If you ask any CEO you are most likely to hear he or she is committed to building a customer centric culture. It is very common to find customers first’ in a company mission statement. You will hear customer service is a priority.
But is it?
If you are a customer experience professional, you probably have been frustrated trying to get the company moving on a customer centricity initiative, or to prioritize activities or programs that prioritize customer experience over other initiatives.
Yes everyone might get the customer satisfaction report and might not like the NPS score – but is the organization really committed to making the changes necessary to prioritize customer experience?
Is Your Company Serious about Customer Experience?
There is a very simple test: is customer service a cost center or a diver of business value? you can tell simply by looking at the metrics. If it is a cost center, it will measure things that need to be reduced or eliminated: time on a call, calls per day, etc.
For customer-centric companies every interaction with a customer is an opportunity to further the relationship. An opportunity that is appreciated and valued – not one that should be reduced or eliminated. These companies not only track NPS per call, but probably tie the bonus of a customer service agent to customer satisfaction. At Zappos long customer calls are celebrated and bragged about.
It’s a matter of strategy
This is a very important point to understand: customer experience and customer service is not for every company – even though most will claim it is.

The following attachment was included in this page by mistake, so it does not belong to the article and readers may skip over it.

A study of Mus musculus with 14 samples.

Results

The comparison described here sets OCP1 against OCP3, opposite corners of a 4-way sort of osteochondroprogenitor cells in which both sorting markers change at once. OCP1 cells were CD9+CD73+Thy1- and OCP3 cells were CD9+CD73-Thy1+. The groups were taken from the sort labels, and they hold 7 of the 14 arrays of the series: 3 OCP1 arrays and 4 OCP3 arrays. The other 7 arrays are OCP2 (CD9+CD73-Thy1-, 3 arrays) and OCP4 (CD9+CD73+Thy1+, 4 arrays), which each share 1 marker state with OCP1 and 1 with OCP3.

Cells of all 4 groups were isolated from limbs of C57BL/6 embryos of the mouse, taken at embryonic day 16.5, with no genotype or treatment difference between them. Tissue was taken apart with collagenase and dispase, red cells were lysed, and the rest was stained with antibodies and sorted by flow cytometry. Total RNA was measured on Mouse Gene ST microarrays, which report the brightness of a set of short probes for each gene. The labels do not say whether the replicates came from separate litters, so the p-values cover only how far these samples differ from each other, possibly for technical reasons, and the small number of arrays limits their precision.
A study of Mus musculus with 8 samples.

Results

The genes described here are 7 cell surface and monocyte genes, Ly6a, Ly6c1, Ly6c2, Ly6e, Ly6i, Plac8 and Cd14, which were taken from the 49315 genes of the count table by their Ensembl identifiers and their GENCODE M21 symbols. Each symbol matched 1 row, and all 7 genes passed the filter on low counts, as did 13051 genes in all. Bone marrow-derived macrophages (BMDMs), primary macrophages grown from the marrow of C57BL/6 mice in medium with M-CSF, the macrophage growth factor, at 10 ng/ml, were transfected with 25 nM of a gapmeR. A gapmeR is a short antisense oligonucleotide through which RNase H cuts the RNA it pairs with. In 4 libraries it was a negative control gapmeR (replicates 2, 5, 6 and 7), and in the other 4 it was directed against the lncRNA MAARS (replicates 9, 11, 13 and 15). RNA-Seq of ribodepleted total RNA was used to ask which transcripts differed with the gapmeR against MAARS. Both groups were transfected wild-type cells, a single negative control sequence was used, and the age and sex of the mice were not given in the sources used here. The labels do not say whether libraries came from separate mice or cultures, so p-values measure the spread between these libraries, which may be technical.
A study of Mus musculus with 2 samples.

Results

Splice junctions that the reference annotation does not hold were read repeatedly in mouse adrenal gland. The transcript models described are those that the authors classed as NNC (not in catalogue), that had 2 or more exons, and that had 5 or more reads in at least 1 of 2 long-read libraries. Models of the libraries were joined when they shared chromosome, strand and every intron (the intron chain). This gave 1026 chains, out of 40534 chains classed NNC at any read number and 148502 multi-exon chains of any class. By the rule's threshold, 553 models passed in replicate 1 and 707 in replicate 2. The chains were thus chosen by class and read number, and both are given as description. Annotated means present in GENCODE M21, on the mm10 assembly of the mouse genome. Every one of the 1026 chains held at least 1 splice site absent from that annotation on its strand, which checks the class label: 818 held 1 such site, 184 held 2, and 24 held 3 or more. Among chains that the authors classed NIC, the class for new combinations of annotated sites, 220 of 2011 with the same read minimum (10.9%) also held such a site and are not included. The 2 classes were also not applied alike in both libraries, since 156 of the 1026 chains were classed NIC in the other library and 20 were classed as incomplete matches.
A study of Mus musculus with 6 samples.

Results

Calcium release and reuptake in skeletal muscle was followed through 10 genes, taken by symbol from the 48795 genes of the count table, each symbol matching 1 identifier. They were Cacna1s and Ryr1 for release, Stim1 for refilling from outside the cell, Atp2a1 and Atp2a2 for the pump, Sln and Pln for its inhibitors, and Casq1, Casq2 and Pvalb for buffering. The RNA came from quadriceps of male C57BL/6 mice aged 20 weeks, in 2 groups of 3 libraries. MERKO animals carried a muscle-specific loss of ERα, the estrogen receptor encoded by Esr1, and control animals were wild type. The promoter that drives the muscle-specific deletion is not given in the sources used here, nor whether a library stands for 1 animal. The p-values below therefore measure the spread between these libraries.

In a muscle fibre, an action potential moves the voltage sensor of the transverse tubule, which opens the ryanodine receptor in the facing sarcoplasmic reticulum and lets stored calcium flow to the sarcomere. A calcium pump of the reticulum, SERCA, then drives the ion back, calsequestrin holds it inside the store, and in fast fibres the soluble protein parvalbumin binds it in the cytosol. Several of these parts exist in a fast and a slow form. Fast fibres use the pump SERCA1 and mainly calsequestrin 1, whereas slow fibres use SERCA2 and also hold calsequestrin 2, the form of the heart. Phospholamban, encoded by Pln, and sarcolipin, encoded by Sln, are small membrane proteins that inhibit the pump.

We all hear the statistics of how customer service drives loyalty and profitability and you have probably also read stats about companies that treat customers poorly are ultimately doomed. The truth is that these statements are only true when customer service is an essential part of the company’s overall strategy.
There are three basic business strategies. A successful company can only pursue one: lead with product leadership (think Apple or Microsoft) through investments in R&D, lead with lower price (think WalMart or McDonald’s) through investments in operational efficiencies and standardization, or lead with customer intimacy (think Nordstrom or Ritz Carlton) through customer service and customization.
For example, DirecTV is awarded as the worst company in America. And yet it is very successful and very profitable. For Rackspace on the other hand, customer service (“fanatical support” they call it) is the fundamental differentiator and competitive strategy – the primary source of business value.
At DirecTV there is probably a (very frustrated) customer experience team. At Rackspace, fanatical support is the job description and the top priority for everyone.
If your customer experience efforts are not finding traction, you may be at the wrong company.
This article was written by Gerardo A. Dada from Business2Community and was legally licensed through the NewsCred publisher network.